Avoid the “quick fix”

At one time or another, we all go for a quick fix to the signs and signals that our bodies present to us.  I’ll provide an example.  Let’s say that you’ve had an extended period of stress and as a result, you feel tired.  You have two options.  If you’re like most of us, there have been times when your solution to that sign from your body is to “treat the symptom” rather than to “treat the problem.”  Treating the symptom would be to increase your caffeine, nicotine, or resort to energy drinks.  Maybe you’ll opt for a sugary snack.  This is the “quick fix.”

The result in this case is that you have really only caused the problem to linger even longer.  You’re body is saying, “I need rest.”  But instead of addressing the problem, the symptom is covered up.

For tiredness that is the result of prolonged stress, you really need exercise, better rest, and better fuel (good nutrition and plenty of water).  This is “treating the problem” instead of covering up the problem by “treating the symptom.”  When you give your body what it needs, it is not a “quick fix.”  It takes extra time to take care of yourself.  But it’s also important to realize that you may actually be more productive if you take the time to address the problem rather than ignoring the problem with a “quick fix.”  The reason is that you will have more energy, feel better emotionally, and have a clearer mind.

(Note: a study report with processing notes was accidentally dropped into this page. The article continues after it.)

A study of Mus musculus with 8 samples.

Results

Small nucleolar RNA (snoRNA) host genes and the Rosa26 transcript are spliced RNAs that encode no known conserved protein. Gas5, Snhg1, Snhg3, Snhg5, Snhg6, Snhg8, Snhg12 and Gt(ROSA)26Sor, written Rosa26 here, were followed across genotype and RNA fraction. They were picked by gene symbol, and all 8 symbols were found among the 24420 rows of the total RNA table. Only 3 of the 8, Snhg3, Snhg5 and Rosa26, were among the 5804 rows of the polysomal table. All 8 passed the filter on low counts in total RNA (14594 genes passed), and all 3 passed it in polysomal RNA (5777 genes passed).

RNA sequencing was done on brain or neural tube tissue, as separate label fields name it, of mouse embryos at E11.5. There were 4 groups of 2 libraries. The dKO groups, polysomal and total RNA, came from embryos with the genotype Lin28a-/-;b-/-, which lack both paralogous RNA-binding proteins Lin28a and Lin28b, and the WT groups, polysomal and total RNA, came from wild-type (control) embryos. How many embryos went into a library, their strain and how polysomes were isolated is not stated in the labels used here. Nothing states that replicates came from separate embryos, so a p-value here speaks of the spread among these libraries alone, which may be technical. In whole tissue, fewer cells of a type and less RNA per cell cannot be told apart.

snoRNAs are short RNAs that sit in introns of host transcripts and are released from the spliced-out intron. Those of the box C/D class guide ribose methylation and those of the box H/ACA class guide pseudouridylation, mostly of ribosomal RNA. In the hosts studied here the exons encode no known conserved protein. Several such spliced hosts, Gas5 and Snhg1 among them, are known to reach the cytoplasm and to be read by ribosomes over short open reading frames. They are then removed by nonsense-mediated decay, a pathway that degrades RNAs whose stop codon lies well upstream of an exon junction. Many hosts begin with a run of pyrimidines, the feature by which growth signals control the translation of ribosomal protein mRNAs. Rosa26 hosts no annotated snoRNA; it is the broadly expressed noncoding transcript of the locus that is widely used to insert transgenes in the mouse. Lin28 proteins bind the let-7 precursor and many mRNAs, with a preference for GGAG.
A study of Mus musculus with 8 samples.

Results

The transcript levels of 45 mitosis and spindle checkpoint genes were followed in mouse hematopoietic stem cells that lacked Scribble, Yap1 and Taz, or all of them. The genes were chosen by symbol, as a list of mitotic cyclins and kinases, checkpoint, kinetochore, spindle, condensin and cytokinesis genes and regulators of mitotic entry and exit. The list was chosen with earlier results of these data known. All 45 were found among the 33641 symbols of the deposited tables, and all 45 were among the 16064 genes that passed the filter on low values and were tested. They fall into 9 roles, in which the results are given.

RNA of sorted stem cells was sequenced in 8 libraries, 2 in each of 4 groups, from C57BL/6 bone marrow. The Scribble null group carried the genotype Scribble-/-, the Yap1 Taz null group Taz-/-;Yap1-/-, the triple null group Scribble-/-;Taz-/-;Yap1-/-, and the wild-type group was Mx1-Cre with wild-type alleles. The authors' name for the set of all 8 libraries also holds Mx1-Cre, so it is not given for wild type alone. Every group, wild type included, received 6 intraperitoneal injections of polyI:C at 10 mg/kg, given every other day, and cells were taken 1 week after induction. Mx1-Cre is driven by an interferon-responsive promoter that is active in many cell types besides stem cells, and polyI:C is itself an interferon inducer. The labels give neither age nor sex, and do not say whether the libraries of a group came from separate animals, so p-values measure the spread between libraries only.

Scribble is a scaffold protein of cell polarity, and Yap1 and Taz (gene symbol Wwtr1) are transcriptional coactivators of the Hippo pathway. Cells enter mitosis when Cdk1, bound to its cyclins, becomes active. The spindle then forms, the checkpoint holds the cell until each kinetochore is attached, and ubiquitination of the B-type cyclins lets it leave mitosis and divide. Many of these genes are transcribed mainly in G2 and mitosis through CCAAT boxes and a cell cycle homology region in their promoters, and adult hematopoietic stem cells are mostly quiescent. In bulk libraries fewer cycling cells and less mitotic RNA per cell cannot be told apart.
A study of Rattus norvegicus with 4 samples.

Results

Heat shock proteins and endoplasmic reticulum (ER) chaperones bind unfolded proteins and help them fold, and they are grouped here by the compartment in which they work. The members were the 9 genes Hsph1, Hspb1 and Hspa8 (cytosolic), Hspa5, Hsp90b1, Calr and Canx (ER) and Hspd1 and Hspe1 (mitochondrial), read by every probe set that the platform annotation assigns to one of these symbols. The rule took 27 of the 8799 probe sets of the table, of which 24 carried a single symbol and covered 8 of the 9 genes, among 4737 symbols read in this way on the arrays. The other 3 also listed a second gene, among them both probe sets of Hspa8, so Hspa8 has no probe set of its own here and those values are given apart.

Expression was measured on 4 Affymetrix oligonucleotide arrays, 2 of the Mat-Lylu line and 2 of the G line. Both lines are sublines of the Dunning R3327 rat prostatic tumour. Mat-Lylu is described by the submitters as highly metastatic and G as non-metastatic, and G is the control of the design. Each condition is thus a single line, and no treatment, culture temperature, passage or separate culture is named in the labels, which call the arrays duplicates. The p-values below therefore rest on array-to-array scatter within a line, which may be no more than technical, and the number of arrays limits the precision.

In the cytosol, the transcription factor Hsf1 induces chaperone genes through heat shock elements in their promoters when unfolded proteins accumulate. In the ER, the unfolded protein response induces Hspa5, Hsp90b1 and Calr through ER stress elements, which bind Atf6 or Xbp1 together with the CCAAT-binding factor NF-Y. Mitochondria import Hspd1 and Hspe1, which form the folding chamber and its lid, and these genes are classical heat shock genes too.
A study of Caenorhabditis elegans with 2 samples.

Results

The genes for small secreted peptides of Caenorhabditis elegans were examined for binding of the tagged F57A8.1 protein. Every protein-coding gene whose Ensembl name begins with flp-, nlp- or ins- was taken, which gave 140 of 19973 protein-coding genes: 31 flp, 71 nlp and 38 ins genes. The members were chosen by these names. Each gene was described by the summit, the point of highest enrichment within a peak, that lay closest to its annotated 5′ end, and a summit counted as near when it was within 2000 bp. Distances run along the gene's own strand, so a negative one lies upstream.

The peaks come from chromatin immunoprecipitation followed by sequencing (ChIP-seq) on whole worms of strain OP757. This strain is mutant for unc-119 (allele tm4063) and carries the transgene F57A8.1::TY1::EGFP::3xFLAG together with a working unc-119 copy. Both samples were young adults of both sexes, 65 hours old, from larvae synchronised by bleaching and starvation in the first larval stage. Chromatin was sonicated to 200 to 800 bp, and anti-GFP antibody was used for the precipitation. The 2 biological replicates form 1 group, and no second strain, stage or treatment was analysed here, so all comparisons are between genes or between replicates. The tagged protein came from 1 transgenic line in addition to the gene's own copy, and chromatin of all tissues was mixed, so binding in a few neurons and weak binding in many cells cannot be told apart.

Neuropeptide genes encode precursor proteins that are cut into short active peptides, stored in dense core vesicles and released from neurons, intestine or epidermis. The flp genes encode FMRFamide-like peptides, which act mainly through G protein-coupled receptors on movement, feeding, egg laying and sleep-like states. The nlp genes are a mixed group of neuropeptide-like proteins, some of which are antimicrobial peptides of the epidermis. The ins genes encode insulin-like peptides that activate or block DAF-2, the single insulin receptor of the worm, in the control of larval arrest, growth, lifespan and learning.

Some people may feel “amped up” at the end of the day, and may be tempted to use alcohol or pills to relax or sleep at night.  Some may resort to comfort foods.  Again, this is a quick fix that does not address the problem, and indeed causes the problem to be continued and to likely worsen (in addition to the risk of addiction–another source of stress).  The problem may be better addressed by taking a walk, exercising in other ways, or engaging in peaceful and relaxing activities (such as relaxation techniques, reading, listening to music, taking a warm and relaxing bath).

Here is another useful tidbit on the “quick fix.”  Quick fixes to problems result in short-term gains, but long term losses.  Addressing the problem requires a short term loss (either in effort, time, etc…), but results in a long-term gain.

Note:  It’s important to realize that chronic feelings of tiredness may be signs of a medical condition, and it may be helpful to consult with a physician about this.